City likely selling homeless camp land for $440,000

The City of Aberdeen could soon have a minimum price tag of $440,000 for the longtime homeless camp property that was recently cleared of campers, structures and the debris left behind. According to Aberdeen Mayor Erik Larson, city staff workers have calculated $440,000 as the total amount spent on the 8-acre riverfront property, which was purchased a year ago for $298,000 following negotiations between Larson and previous owner Michael Lang.

At the next council meeting Aug. 28, Larson said he would submit a report recommending the city put the vacant property up for sale to at least match the $440,000 the city spent from its abatement fund in order to buy and clear the land. If the council doesn’t approve it, the city would potentially need to take the money out of another fund source.

Minus the $298,000 cost of purchasing the property, the city spent $142,000 through the abatement fund to clear the site of vegetation, provide garbage and portable toilet cleaning services, and to provide the additional work from utilities workers managing the property and eventually clearing all structures and garbage from the site, Larson said.

Each year, the city records expenses in the abatement fund for the cost of addressing nuisances, including enforcement and demolition of unsafe structures. When a property owner is notified and refuses to handle the abatement themselves, the city will take action to address the nuisance and lien the cost of the abatement against the property. Larson said Lang seemed unable to handle the cleanup of his riverfront property, the city decided to take it on and buy the property rather than perform a traditional abatement.

According to the Grays Harbor County Assessor website, the property is worth significantly more at $609,840. Larson said the assessed value was likely higher because another riverfront property just east of it sold for a higher price, and likely got used as a directly comparable property to the homeless camp. When Lang had a private appraisal done before selling the property, it was determined the value was closer to the settled price of $298,000, Larson explained.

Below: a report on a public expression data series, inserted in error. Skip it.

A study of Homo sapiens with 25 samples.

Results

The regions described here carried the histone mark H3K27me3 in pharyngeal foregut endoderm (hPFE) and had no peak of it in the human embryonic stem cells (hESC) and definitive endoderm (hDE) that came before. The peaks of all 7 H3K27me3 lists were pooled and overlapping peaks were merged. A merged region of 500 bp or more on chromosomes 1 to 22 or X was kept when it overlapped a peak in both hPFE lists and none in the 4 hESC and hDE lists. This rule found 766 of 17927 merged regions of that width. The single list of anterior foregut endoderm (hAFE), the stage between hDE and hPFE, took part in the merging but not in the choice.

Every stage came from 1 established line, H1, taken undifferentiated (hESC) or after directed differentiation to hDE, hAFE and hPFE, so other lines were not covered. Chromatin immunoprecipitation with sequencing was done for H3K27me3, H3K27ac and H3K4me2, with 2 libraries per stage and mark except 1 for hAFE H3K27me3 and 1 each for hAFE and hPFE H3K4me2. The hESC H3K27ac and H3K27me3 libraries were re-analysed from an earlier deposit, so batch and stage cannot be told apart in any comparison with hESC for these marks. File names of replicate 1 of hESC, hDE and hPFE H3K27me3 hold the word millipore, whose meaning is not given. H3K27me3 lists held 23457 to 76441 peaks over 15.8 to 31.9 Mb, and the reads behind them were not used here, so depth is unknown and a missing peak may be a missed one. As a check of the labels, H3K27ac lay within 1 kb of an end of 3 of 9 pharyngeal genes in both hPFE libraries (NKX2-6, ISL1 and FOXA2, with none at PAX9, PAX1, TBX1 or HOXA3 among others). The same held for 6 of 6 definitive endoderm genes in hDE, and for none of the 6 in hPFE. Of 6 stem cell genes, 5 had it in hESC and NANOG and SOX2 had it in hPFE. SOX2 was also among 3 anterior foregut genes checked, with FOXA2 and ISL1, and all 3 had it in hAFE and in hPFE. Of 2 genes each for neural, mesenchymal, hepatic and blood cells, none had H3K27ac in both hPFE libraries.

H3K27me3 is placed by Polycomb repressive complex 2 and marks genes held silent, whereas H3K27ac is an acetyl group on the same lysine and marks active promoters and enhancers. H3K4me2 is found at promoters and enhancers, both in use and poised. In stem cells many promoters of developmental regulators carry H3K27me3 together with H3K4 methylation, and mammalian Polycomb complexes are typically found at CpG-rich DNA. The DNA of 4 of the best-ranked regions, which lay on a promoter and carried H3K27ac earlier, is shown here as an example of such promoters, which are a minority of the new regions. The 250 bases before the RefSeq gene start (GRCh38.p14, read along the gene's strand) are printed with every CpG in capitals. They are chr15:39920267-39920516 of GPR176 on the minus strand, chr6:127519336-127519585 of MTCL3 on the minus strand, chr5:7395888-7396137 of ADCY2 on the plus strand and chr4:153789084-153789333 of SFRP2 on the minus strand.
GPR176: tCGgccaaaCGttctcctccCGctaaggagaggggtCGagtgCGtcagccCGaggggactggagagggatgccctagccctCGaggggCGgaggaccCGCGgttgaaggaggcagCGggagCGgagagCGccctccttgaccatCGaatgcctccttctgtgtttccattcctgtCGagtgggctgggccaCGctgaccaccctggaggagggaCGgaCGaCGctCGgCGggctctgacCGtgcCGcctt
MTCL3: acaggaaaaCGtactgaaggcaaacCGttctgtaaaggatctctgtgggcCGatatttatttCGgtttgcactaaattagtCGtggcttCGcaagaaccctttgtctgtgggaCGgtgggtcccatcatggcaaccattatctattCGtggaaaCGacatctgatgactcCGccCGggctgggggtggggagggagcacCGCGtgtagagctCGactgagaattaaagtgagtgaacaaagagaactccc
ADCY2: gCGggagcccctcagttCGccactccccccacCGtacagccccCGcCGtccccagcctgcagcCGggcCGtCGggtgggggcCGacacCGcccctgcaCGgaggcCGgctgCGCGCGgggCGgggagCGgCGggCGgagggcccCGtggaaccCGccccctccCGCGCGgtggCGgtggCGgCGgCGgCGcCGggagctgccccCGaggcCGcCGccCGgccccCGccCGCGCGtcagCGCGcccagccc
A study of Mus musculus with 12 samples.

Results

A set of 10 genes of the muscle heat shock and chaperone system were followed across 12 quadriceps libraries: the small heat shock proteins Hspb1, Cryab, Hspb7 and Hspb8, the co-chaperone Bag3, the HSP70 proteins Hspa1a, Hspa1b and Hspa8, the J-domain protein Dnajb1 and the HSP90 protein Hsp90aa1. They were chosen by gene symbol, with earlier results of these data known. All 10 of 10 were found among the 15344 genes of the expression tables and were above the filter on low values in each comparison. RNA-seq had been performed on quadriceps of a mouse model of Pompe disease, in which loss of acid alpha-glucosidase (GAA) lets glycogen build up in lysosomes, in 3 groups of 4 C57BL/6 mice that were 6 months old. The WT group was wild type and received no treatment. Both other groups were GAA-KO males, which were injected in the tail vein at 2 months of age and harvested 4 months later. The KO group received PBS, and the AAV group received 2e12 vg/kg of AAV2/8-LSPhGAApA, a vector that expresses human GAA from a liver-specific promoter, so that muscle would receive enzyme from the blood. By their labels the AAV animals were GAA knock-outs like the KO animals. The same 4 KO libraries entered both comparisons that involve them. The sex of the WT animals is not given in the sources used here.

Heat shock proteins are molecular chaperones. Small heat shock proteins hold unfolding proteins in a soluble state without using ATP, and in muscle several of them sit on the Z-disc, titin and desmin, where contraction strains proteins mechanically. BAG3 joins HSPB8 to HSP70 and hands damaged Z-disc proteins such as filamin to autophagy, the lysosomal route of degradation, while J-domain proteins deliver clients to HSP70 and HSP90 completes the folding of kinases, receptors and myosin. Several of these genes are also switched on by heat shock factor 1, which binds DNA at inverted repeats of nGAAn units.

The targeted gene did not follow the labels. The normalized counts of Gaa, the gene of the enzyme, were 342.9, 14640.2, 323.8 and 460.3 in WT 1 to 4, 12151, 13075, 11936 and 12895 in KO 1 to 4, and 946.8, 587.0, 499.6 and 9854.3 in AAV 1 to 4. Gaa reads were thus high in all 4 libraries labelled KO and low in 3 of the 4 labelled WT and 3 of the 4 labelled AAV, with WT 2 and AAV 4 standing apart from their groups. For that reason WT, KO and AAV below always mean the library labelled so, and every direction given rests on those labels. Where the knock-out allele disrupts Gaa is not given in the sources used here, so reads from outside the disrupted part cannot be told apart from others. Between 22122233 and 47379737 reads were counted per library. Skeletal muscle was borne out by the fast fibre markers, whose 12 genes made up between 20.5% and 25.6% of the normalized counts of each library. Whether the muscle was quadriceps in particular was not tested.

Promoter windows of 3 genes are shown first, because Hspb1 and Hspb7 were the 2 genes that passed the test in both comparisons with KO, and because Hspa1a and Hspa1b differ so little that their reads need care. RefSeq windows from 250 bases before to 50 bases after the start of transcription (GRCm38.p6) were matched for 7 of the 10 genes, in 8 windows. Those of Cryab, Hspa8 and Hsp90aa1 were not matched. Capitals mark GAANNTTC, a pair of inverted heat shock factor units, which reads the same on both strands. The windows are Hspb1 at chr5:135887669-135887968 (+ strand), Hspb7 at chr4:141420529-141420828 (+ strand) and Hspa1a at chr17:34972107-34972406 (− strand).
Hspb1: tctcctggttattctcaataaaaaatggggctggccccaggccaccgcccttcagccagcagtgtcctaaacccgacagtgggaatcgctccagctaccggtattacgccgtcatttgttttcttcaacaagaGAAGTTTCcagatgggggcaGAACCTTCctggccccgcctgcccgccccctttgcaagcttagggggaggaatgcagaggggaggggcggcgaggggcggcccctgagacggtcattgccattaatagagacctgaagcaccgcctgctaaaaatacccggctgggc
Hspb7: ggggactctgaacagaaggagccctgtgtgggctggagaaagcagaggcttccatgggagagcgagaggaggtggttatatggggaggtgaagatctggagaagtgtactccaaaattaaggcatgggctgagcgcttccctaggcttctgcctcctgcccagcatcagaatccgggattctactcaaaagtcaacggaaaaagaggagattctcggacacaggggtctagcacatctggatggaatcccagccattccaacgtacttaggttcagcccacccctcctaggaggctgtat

There are still some council members who say the city should have never bought the property. Council President Tawni Andrews, who finished third in the four-way primary race for mayor, said she had spent two years pushing for Larson and the city to help Lang clear people from the riverfront camps. Andrews added that she’s against the current plan for the city to purchase another property for homeless people to live in tents after already buying the riverfront land.

“We already bought one property, now we’re going to buy another. It’s like there’s no end, and there has to be because this isn’t a permanent solution,” said Andrews. “I don’t support buying more land, we’re hemorrhaging money.”

Larson said he’s been surprised at the level of pushback recently over the city’s previous actions buying the riverfront property, and said he wonders why there wasn’t more opposition back when the city was planning to buy it, or several months ago before the city decided to clear it.

“There were definitely ways it could’ve ended up being not positive for the city, but hindsight is 20/20, and we’re really getting into a spot it’s in our rearview window,” said Larson.

There are already parties interested in purchasing the land, said Larson, and if the sale is approved by council, there would be a bidding process later on. He added it’s possible the city would gain a net profit by selling the property, and that the revenue would likely end up back in the abatement fund.